What is Ozark culture? “Self-made,” said John Wynn, without missing a beat. “When they got here to such backwoods, hilly country that you couldn’t hardly farm because there wasn't a level piece of land around, they had to build everything they used. They built their own culture.

“They formed their own ways of life. Their own standards, their own religion. It meant so much to them.

“They were hill people."

Born on the West Coast during the latter of the dust bowl days, Wynn remembers traveling back and forth from California to the Oklahoma Ozarks to “pick up family members and haul them to California to find work.”

In time, his family returned to Salina, Oklahoma, and a “40-acre rockpile” where John remained until joining the navy, at which point he found himself back in California.

It was during this time that another serviceman, Charles Winkler, altered John’s life forever by simply teaching him a few guitar chords.

“Funny how someone can influence our lives by a little gesture like that,” he remembers. “It changed the whole course of my life. Funny how things happen. I'd love to find him and thank him for that someday.”

After getting out of the navy, John Wynn continued to play in his spare time while doing woodwork and cabinetry for a living. He also taught himself to play banjo.

It wasn’t long before his past-time and his career converged. To save money, he built a mandolin. Building several more, John continued to improve, finally taking one into an LA music shop simply because he was proud of it.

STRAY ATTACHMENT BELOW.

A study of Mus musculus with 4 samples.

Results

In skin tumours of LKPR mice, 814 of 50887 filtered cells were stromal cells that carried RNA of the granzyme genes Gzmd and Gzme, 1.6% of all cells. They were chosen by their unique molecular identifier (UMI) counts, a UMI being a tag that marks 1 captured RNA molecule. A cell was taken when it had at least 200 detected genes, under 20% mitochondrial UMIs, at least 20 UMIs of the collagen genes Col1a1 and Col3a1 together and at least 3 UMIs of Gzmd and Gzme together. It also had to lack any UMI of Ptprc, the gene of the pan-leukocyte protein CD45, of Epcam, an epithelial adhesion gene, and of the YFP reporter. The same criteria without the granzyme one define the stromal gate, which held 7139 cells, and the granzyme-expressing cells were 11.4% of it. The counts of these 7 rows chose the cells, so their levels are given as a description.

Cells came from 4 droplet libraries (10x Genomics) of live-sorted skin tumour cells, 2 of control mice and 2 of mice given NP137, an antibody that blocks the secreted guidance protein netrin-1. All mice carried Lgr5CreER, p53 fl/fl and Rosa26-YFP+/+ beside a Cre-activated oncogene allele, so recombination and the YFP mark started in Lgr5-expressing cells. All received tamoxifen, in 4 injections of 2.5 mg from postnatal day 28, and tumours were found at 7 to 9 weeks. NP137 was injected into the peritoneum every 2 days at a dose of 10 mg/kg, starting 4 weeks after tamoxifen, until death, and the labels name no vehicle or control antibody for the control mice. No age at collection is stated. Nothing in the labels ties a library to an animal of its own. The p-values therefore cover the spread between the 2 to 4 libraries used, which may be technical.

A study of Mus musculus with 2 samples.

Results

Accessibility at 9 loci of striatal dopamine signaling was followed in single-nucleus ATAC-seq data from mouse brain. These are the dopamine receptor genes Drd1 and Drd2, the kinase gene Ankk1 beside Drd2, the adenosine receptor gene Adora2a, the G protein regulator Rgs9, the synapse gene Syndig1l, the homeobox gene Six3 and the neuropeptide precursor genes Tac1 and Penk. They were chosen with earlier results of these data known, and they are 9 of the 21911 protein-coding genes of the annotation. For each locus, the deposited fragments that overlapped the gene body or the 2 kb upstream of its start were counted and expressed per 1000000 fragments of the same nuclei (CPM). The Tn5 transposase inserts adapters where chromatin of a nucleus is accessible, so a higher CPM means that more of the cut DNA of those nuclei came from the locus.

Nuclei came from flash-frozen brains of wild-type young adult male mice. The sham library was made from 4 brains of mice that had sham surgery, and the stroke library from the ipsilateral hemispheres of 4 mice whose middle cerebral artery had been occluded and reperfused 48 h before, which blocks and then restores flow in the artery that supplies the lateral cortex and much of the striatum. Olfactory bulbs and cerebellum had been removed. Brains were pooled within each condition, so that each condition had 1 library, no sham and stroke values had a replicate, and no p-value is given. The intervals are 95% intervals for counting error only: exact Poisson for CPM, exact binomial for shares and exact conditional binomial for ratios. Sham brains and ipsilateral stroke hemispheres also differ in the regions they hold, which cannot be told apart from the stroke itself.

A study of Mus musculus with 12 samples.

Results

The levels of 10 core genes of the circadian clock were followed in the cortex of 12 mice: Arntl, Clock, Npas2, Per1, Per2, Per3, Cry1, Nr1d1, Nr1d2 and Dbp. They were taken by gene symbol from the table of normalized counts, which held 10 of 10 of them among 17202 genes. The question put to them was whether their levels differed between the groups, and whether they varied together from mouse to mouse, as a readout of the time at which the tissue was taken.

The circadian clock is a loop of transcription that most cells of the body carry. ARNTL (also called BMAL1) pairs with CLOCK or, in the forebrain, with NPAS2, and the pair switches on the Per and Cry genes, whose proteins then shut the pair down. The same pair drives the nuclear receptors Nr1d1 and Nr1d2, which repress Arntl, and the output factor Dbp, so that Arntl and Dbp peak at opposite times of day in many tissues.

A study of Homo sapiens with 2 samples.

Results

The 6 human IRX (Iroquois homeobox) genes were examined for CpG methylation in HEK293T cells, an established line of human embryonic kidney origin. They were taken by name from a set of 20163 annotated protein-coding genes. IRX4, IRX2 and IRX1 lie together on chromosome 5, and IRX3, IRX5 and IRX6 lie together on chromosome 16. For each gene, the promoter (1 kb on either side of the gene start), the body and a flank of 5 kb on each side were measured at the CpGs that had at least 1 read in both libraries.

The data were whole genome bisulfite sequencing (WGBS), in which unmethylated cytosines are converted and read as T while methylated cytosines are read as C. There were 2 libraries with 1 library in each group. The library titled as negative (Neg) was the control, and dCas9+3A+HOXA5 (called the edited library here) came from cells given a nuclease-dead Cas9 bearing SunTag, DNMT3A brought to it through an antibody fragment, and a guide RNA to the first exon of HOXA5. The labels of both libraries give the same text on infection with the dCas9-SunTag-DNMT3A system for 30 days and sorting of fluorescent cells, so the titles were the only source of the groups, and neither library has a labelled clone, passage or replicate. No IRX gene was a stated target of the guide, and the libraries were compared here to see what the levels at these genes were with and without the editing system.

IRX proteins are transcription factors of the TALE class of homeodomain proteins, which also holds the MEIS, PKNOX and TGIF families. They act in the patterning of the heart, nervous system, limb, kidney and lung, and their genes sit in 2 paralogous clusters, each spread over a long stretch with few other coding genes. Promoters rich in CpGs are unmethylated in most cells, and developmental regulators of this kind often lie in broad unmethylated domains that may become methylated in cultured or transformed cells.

The storeowner offered him $550.

The year was 1974. John Wynn was in the mandolin business.

“I still don't have one of my own,” he notes. “I’m getting close to 200 mandolins that I’ve built and have probably built almost that many banjos. And to this day, I build a mandolin and someone comes along and wants to buy it.”

Never one to stick with tradition unless required, John continued to experiment as he developed his skills. As a result, many of his mandolins truly represent the Ozarks, having been crafted from native wood.

“Traditionally, F-style, Gibson style mandolins were built out of maple.[But] I really like walnut, which produces a really good, acoustic sound, and I’ve experimented with sassafras, persimmon, sycamore and willow just to see what would happen and a lot work really well.

“Wood does contribute to quality, but it's mainly workmanship,” explains John.

“When you build a mandolin, you tune the wood to a musical pitch as you are carving it, and that stems back to even the early days. Stradivarius would tune the wood to A440 pitch — taking a front or back, putting a little rosin on the edge, and run his bow across it.

“Well, I take my thumb and tap the tops and backs and listen. You take off a little bit of wood until you get the pitch you want. So you're actually tuning the wood itself.”

Despite his skill, John’s humility is nearly as remarkable as his craftsmanship.

“I just practiced my craft and kept building. That's how it came about. I think I made every error in the book. But it's kind of routine and fairly easy for me now.

“The one I built today is hopefully better than the one I built yesterday.”